Ofcom has fined BT a record £42 million for a ‘serious breach’ of the regulators rules on Ethernet installations for rival firms.
The fine is the result of an investigation into the Openreach branch of BT, which runs the UK’s entire broadband infrastructure.
According to the telecoms regultator, BT “misused the terms of its contracts” to reduce compensation payments to rival firms between January 2013 and December 2014, after failing to deliver ‘Ethernet’ services on time.
BT, which will also be fined £300,000 for “failing to provide information to Ofcom,” has responded to the ruling, saying it accepts the results of the investigation and “apologises wholeheartedly.”
The investigation was launched after rival firm Vodafone came to Ofcom in 2015 to allege BT had not only failed to deliver Ethernet services on time, but had also failed to compensate the company for these delays.
Ofcom rules require BT to install Ethernet services to its wholesale customers, i.e. other companies, and compensate those companies for any delays.
As the regulator explains in a statement: “If BT encounters problems that require more time to resolve, in certain circumstances it can assume that a customer has agreed to an extension.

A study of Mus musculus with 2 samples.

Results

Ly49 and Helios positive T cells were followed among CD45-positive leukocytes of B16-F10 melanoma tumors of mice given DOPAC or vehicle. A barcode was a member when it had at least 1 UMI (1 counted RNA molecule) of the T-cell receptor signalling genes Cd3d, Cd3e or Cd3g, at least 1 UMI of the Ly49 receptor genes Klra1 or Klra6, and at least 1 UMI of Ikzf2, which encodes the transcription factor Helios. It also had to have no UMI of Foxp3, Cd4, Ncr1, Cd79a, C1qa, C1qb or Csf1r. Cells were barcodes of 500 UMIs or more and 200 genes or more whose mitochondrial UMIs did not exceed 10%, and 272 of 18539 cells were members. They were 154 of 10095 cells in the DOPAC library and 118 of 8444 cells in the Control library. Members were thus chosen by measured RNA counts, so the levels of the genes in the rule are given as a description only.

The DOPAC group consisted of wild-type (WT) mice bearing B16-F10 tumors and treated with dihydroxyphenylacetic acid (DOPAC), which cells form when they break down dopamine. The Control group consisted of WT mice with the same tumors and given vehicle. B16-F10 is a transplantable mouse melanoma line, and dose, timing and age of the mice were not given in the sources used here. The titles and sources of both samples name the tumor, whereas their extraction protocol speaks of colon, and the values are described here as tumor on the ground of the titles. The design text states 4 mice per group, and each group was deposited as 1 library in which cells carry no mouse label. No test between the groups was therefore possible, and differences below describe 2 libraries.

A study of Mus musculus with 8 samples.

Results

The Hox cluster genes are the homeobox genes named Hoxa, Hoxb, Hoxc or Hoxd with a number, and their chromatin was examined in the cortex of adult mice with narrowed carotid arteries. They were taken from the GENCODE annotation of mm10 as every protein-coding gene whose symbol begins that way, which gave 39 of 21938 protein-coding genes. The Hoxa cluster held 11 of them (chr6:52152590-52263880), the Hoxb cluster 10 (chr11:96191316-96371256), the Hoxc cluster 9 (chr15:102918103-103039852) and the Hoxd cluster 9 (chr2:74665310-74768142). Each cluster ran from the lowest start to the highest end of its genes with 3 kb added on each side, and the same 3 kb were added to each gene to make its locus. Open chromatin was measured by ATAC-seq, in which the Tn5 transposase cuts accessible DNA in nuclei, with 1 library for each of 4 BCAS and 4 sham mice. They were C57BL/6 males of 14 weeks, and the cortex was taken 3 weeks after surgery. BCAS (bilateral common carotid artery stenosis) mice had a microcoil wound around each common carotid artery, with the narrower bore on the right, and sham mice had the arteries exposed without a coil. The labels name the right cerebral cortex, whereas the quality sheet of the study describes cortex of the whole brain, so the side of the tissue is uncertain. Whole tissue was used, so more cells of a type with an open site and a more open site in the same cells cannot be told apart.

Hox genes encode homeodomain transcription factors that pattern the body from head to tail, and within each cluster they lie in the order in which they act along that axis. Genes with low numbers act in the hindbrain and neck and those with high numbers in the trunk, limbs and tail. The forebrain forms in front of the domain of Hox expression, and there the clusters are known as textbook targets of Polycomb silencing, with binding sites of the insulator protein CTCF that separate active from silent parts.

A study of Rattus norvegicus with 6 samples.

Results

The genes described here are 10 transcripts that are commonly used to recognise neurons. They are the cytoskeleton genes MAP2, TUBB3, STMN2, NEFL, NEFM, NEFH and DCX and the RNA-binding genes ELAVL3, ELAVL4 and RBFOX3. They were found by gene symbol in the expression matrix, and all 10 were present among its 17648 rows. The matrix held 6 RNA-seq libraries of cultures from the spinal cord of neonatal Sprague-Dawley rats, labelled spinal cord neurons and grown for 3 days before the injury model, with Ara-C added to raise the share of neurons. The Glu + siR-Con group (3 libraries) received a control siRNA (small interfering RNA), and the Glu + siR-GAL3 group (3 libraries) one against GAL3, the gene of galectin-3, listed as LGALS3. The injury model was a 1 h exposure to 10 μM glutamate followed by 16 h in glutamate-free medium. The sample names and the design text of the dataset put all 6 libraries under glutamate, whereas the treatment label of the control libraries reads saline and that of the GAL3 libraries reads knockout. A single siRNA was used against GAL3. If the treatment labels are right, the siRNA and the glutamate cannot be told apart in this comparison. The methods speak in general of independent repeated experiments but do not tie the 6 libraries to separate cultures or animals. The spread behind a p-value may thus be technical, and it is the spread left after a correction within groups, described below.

“But Ofcom found that BT did this retrospectively over a sustained period, to reduce the level of compensation it owed to telecoms providers.
“Not only did this harm other telecoms companies, but it was also likely to have harmed the UK businesses and consumers who rely on high quality, high-speed, broadband services every day.”
BT estimates it will have to pay a further £300 million compensation as a result of the ruling.
Openreach CEO Clive Selley told The Guardian: “We apologise wholeheartedly for the mistakes Openreach made in the past when processing orders for a number of high-speed business connections.
“This shouldn’t have happened and we fully accept Ofcom’s findings.”
The company now has 12 months in which to compensate other telecoms providers affected by its failure to deliver Ethernet services on time
That’s on top of the £42 million penalty, which incorporates a 30% reduction to reflect BT agreeing to accept full liability, and to set up a compensation scheme.
Gaucho Rasmussen, Ofcom’s Investigations Director, said: “These high-speed lines are a vital part of this country’s digital backbone. Millions of people rely on BT’s network for the phone and broadband services they use every day.
“The size of our fine reflects how important these rules are to protect competition and, ultimately, consumers and businesses. Our message is clear – we will not tolerate this sort of behaviour.”
Ofcom’s ruling comes after the regulator reached an agreement with BT earlier this month to legally separate the company from its Openreach subsidiary.
The agreement will mean Openreach will soon become a distinct company with its own staff and management
The split follows numerous complaints from competitors and commentators who have accused BT of abusing its monopoly, arguing that the company underinvests in broadband infrastructure, and charges over the odds for services.